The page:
Mumford and Sons' 'Babel' logs year's biggest debut

7:27 AM, Oct 4, 2012   |    comments
Mumford and Sons, Marcus Mumford, left, Ted Dwane, Winston Marshall, Ben Lovett, have made a strong second album in "Babel."

Babel's start, the heftiest since Drake's Take Care opened with 631,000 last November, vastly outdistanced four other chart arrivals. Green Day's Uno!, the first in a trilogy, sold 139,000 copies to land at No. 2, according to Nielsen SoundScan. No Doubt's Push and Shove, the quartet's first studio album in 11 years, is third with 115,000. Lupe Fiasco's Food and Liquor II: The Great American Rap sold 89,000 to place fifth, behind last week's chart-topping The Truth About Love by Pink. And Deadmau5's >album title goes here< lands at No. 6 with 58,000.

The U.K. indie folk group's sophomore release didn't tally the year's largest weekly take. That honor stays with Adele's record-shattering 21, which sold 730,000 copies the week after she won an armload of Grammys. With scant promotional hoopla, the band's opener surpasses former 2012 leader Justin Bieber, whose Believe sold 374,000 copies in June.

"It blows Bieber out of the water," says Keith Caulfield, Billboard's director of charts. "Mumford isn't a traditional singles act, like Rihanna. It's not about hits. They appeal to consumers who still want the experience of an album. They have a wide appeal, from young folks who see them on tour to older NPR listeners."

Babel was streamed 8 million times by Spotify's U.S.users in the past week, the biggest week for any album this year. One in 10 Spotify listeners heard at least one Babel track.

"This was a hotly anticipated album that shattered this year's record by a factor of three," says Ken Parks, Spotify's chief content officer. "It shows what you can do when you get amazing music and let people listen to it. We're connected to Facebook, and a lot of people were getting into it through social and viral channels. There was a lot of heat around this album."

The band's 2010 debut, Sigh No More, has sold 2.5 million copies and never left the top 200.

"In all that time, you're building up a robust fan base," Caulfield says. "A huge chunk of those people are going to show up to purchase the new album the first week. That just makes sense."

Mumford's profile grew with heavy touring and Grammy exposure. Yet this week's sales bonanza "was bigger than a lot of people expected," considering the lack of a media blitz, Caulfield says.

"They've been conservative in their promotion," he says. "It's not a sexy, glitzy, fireworks rollout. They're not the type of artist that oversaturates the market. It's low key. A lot of people wish they could have the type of success Mumford is having."

Crushing stiff competition from a slew of superstar acts, Mumford and Sons' Babel scores the biggest debut of the year, landing atop the Billboard album chart after selling 600,000 copies.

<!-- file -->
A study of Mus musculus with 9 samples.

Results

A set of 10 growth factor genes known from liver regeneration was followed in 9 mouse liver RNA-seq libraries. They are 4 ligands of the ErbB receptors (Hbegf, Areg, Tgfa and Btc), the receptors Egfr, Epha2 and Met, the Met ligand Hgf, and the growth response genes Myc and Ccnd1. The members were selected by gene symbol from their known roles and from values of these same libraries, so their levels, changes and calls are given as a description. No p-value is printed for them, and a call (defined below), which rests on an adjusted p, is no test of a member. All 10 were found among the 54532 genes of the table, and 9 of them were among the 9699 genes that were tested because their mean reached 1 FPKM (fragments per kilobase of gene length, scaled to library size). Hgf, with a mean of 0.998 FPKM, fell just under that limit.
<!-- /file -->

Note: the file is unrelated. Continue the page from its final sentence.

Babel's start, the heftiest since Drake's Take Care opened with 631,000 last November, vastly outdistanced four other chart arrivals. Green Day's Uno!, the first in a trilogy, sold 139,000 copies to land at No. 2, according to Nielsen SoundScan. No Doubt's Push and Shove, the quartet's first studio album in 11 years, is third with 115,000. Lupe Fiasco's Food and Liquor II: The Great American Rap sold 89,000 to place fifth, behind last week's chart-topping The Truth About Love by Pink. And Deadmau5's >album title goes here< lands at No. 6 with 58,000.

The U.K. indie folk group's sophomore release didn't tally the year's largest weekly take. That honor stays with Adele's record-shattering 21, which sold 730,000 copies the week after she won an armload of Grammys. With scant promotional hoopla, the band's opener surpasses former 2012 leader Justin Bieber, whose Believe sold 374,000 copies in June.

"It blows Bieber out of the water," says Keith Caulfield, Billboard's director of charts. "Mumford isn't a traditional singles act, like Rihanna. It's not about hits. They appeal to consumers who still want the experience of an album. They have a wide appeal, from young folks who see them on tour to older NPR listeners."

Babel was streamed 8 million times by Spotify's U.S.users in the past week, the biggest week for any album this year. One in 10 Spotify listeners heard at least one Babel track.

"This was a hotly anticipated album that shattered this year's record by a factor of three," says Ken Parks, Spotify's chief content officer. "It shows what you can do when you get amazing music and let people listen to it. We're connected to Facebook, and a lot of people were getting into it through social and viral channels. There was a lot of heat around this album."

The band's 2010 debut, Sigh No More, has sold 2.5 million copies and never left the top 200.

"In all that time, you're building up a robust fan base," Caulfield says. "A huge chunk of those people are going to show up to purchase the new album the first week. That just makes sense."

Mumford's profile grew with heavy touring and Grammy exposure. Yet this week's sales bonanza "was bigger than a lot of people expected," considering the lack of a media blitz, Caulfield says.

"They've been conservative in their promotion," he says. "It's not a sexy, glitzy, fireworks rollout. They're not the type of artist that oversaturates the market. It's low key. A lot of people wish they could have the type of success Mumford is having."